Each day we make choices about what we are going to eat. Sometimes those choices are made deliberately with care and thought, a special meal prepared for friends and family, but more often we unreflectively choose the food at the end of our forks.
AND THAT FOOD IS MAKING OUR WORLD SICK
Americans eat 31% more processed foods than fresh, whole foods. These processed foods, loaded with high levels of salt and sugar, not only harm our physical health but their production also brings the added environmental cost of excess packaging and processing. Even the fresh food we do eat is produced by an industrial agricultural system that relies heavily on petro-chemicals and deadly pesticides. This reliance on fossil fuels in fertilizers and pesticides ultimately strips the soil of its fertility and ability to hold carbon.
According to the USDA, Americans consumed 26.4 billion pounds of beef in 2010. We are eating meat at twice the global average and we are consuming over three times the amount of protein needed for our health, the majority of it from animal sources. Our insatiable appetite for meat is raising our risk for heart disease, cancer, and diabetes. And the way we raise animals to feed that appetite is taking a huge toll on our environment with deforestation, increase emissions of climate-change gasses, and pollution from animal manure.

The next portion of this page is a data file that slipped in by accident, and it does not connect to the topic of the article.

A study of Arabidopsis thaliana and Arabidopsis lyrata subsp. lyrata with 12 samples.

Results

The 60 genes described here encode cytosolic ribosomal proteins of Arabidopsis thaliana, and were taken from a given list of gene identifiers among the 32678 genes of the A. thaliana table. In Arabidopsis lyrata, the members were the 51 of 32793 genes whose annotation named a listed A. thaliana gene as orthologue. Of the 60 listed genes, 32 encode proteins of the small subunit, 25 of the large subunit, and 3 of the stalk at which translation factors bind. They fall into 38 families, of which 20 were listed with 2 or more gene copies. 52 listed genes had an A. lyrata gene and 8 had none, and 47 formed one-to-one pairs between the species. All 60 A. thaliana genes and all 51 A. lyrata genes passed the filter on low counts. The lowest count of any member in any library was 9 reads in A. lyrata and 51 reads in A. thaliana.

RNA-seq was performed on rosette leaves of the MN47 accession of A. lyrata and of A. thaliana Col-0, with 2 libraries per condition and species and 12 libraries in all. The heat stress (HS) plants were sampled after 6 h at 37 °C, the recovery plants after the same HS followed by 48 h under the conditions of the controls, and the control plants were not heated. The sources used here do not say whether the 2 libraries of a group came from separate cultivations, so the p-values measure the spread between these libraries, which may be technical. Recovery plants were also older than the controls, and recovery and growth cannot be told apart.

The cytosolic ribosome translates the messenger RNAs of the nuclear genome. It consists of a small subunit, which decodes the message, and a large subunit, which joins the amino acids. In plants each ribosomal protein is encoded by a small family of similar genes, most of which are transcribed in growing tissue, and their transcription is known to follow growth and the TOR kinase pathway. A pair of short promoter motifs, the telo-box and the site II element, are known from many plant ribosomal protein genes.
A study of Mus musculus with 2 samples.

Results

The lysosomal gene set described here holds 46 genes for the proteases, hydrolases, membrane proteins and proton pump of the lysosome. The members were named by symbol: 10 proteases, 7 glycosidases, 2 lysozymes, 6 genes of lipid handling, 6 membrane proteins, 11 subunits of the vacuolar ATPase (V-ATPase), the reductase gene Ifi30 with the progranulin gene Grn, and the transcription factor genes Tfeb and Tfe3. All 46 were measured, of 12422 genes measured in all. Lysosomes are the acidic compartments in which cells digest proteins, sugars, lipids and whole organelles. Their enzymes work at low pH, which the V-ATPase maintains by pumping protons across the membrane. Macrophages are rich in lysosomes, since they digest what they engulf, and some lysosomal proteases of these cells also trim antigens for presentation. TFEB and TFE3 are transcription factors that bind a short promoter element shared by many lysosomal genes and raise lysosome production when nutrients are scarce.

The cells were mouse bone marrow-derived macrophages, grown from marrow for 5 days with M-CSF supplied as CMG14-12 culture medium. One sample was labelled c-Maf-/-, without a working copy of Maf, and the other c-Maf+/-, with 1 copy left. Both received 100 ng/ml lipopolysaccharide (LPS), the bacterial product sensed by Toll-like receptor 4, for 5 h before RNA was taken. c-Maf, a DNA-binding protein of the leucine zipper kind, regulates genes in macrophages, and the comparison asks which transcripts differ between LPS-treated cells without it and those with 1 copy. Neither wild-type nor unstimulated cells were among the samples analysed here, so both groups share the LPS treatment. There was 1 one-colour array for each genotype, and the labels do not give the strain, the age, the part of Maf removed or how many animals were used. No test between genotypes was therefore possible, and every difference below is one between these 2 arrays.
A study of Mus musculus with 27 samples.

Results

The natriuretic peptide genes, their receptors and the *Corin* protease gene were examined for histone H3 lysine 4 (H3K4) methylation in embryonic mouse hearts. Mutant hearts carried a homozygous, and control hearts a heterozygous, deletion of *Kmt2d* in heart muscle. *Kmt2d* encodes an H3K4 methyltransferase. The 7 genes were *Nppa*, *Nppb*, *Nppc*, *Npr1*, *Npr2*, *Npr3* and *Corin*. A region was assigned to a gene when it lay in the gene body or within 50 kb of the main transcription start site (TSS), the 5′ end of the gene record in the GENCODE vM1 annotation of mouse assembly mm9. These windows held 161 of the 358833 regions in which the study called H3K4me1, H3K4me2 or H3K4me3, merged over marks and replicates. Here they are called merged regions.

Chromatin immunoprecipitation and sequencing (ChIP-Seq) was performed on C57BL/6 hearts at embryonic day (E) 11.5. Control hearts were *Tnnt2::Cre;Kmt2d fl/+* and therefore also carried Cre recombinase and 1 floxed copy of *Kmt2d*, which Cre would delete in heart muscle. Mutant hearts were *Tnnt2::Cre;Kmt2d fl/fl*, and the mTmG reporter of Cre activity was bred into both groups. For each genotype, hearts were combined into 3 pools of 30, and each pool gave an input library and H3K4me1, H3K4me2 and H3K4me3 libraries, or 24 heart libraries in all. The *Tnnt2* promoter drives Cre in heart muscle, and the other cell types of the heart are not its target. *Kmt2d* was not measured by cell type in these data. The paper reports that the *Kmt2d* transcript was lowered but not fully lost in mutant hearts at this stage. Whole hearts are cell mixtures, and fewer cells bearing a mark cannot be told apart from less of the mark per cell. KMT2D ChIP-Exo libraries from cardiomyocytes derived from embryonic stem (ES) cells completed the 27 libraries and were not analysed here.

Over one billion people face food insecurity. Big agricultural companies and wealthy nations exacerbate the problem of hunger through land grabs, commodity speculation, and bad governmental policy. Our excessive use of fossil fuels affects the climate causing longer droughts and more severe flooding. Farm workers who bring us our food face exposure to unhealthy pesticides as well as abuse and harassment. It is the poor and most vulnerable who suffer the most.
The way we produce our food is making us sick; it is making our communities sick and it is making our world sick. We need to change.
We need to begin eating for a healthy world.
The Interfaith Council for Peace and Justice is launching Eating for a Healthy World to encourage people of faith and people of conscience and their congregations and groups to put their faith and beliefs into action by making healthy food choices that will reduce the effects of climate change, protect the environment, and provide access to healthy, sustainable food to everyone especially the poor and vulnerable. Learn more on our Eating for a Healthy World page.